ATHENS, Ga. — Thursday morning, a Georgia judge ruled in favor of a hospital accused of manipulating its COVID-19 case numbers.
In June, four nurses employed by Landmark Hospital of Athens took the facility to court, claiming the supervisors were changing positive results to negative. At the time, the court filings sought a temporary restraining order and pleaded for a judge to step in.
Nearly a month later, Gwinnett County Superior Court Judge Debra Turner granted the hospital’s motion to dismiss the lawsuit during a proceeding that was held virtually due to the pandemic.
“We were very satisfied with the judge’s decision. We think she made the right decision,” said Victor Moldovan, the attorney who represented Landmark in the hearing.
“We are thrilled — and not surprised — that the Judge threw out this groundless lawsuit,” said Marie Saylor, Landmark’s CEO, in a press release.
Despite the ruling, the nurses and their attorneys, stand by their claim that the hospital created a scheme to hide its COVID-19 infections by re-testing positive patients until it got a negative result.
The hospital allegedly did it by swabbing the back of patients’ throats or trachea, but testing it as a nasal swab, which can alter the results.
After the lawsuit was filed in June, the Georgia Department of Public Health (DPH) inspected the facility and found no deficiencies.
“We’re pretty confident that the hospital is supposed to be doing everything it’s supposed to be doing in the context of CDC guidelines,” Moldovan said.
Doctor affirms COVID-19 cases
The hospital has provided 11Alive, and at least one patient’s family, with conflicting reports on its COVID-19 numbers
On June 18, a Landmark spokesperson emailed 11Alive to say the hospital had no cases of the virus.
“To the best of our knowledge we do not have any patient who is active positive for the COVID-19 virus at Landmark Athens at this time,” a spokesperson said.
Court records show that wasn’t the case just the day before. According to an affidavit, Landmark’s chief medical officer Dr. Anthony Segal expressed concern about a patient’s well being due to COVID-19 cases in the hospital on June 17.
“The [patient] needs a guardian conservator established immediately due to COVID-19 and other contagious conditions/diagnosis present in our hospital that put the [patient] at risk,” wrote Segal.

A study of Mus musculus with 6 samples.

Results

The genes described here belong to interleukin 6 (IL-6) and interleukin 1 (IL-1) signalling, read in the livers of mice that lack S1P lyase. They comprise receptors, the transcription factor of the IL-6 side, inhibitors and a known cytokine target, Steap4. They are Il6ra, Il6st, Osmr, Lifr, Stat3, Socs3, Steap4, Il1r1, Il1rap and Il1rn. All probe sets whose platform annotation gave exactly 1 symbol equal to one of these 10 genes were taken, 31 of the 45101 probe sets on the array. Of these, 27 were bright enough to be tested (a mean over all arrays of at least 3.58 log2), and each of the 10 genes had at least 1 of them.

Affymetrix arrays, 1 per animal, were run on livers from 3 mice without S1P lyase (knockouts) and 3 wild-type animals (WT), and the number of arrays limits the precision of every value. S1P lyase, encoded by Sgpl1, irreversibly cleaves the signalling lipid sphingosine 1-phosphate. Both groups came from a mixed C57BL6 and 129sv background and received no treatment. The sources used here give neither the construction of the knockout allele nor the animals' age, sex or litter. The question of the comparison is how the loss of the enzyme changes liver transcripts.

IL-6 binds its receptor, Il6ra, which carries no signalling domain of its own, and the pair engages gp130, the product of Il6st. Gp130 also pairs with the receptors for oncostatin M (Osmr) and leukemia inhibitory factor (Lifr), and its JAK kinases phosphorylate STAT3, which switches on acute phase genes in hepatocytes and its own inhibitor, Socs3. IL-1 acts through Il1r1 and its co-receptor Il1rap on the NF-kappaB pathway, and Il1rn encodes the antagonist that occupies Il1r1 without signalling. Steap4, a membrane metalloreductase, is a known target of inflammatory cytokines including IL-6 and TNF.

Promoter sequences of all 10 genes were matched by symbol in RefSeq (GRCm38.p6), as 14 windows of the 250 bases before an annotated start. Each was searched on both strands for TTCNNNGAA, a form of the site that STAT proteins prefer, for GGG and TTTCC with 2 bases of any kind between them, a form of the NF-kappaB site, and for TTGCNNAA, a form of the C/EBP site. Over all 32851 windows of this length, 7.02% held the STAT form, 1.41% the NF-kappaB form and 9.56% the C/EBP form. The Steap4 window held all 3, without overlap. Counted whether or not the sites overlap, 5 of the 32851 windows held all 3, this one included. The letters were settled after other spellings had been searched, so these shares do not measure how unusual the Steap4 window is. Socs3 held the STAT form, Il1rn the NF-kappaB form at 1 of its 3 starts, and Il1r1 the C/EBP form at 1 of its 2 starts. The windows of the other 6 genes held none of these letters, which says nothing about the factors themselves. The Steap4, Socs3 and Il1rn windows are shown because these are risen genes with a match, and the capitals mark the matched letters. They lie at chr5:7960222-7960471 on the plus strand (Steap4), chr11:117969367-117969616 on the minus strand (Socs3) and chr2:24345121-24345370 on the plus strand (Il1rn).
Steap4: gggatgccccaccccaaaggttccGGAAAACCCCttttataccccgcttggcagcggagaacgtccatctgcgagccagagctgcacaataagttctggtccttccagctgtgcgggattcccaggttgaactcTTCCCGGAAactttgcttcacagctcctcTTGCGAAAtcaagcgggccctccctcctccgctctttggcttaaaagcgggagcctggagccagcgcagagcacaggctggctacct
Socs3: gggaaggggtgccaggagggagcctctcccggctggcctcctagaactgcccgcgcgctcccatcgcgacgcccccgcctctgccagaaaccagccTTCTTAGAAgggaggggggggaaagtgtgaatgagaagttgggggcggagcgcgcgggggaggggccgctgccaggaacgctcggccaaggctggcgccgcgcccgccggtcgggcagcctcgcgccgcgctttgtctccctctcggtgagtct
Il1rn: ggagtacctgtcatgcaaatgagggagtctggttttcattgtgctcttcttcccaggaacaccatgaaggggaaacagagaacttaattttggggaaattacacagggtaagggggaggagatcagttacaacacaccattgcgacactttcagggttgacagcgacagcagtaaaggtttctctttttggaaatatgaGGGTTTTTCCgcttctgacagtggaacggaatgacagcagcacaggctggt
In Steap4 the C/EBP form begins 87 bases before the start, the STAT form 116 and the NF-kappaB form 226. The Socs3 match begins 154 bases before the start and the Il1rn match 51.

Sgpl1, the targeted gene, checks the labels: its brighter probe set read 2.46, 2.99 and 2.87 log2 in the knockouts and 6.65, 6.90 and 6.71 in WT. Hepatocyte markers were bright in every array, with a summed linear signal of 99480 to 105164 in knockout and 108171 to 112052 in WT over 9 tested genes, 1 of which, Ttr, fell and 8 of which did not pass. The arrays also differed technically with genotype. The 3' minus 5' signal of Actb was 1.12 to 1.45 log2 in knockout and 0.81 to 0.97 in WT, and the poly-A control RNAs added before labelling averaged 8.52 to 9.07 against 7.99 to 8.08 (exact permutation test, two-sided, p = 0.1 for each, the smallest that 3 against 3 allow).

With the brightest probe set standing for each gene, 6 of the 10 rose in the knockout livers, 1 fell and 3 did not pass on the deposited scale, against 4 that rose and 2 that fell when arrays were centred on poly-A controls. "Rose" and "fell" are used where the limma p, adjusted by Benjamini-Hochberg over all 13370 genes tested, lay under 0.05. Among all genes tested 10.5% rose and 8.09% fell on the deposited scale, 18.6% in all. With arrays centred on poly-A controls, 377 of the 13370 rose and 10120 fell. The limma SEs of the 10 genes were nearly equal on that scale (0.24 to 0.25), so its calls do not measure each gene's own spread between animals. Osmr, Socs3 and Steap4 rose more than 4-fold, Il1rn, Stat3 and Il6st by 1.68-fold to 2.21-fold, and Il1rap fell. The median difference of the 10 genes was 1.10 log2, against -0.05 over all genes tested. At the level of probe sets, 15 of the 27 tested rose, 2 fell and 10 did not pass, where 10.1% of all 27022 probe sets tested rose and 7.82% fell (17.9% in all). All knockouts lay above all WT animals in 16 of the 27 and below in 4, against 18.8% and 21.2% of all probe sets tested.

READ | The full affidavit here
To Randolph, the message was clear.
“He stated that there was COVID in the building and that my mom needs to be moved immediately due to the conditions she was in,” Randolph said.
Landmark says that wasn’t the case.
“It is my understand is that there’s no discrepancy, that whenever the statement was made, that there was no COVID,” Moldovan said.
No witness testimony
Natalie Woodward is one of the attorneys representing the nurses. She believes DPH did not review all of the evidence she and her firm uncovered before completing its inspection. The Atlanta attorney obtained audio of conversations the nurses secretly recorded with their supervisors, which they believe support their claims.
While Judge Turner provided no explanation for dismissing the case, Woodward believes it was likely based on procedural grounds and not on evidence. During the hearing, the judge declined to hear witness testimony from any of the nurses or the audio recordings offered up by Woodward.
“I think the judge is wrong. I think as medical practitioners, these nurses have a duty to these patients. They have a duty to the community, but ultimately the court of appeals will decide if that’s accurate or not,” Woodward said.
According to an amended lawsuit filed this week, Landmark’s director of quality management, Kim Wilkinson, allegedly confessed that she knew that nasal swabs were required for COVID-19 testing by the FDA and testing laboratory. She claimed that Landmark was submitting tracheal specimens as nasal swabs to the testing laboratory because Landmark, as a facility, “knew” trachea swabs gave “true” results.
Science behind the swabs
An audio recording provided to 11Alive, and sent to Landmark, supports that Wilkinson believed samples taken from the trachea were superior than nasal swabs, which is widely used and recommended by the Centers for Disease Control and Prevention.
“So, there’s this thing called viral shedding and they can virally shed in their nose for up to 12 weeks," Wilkinson said in the recording. "Per Dr. Jenkins and per Dr. Visitation, once it gets down to the lungs, the viral shedding has stopped and that is where you get your true test result. So, that’s why we came back and said, let’s see what the tracheal shows."
Woodward hired Dr. James Dunn, a microbiologist and associate professor at Baylor College of Medicine, to review the impact of using trachea samples, but testing specimens as nasal swabs. Dunn said the practice can skew results.
“Using a nasopharyngeal swab to submit a tracheal aspirate specimen decreases the likelihood that the virus will be detected, which in turn increases the chances of a false negative. This increased chance of a false negative is a result of the decreased volume, quality and quantity of the specimen submitted for testing,” wrote Dr. Dunn.
Landmark declined to discuss its testing procedures.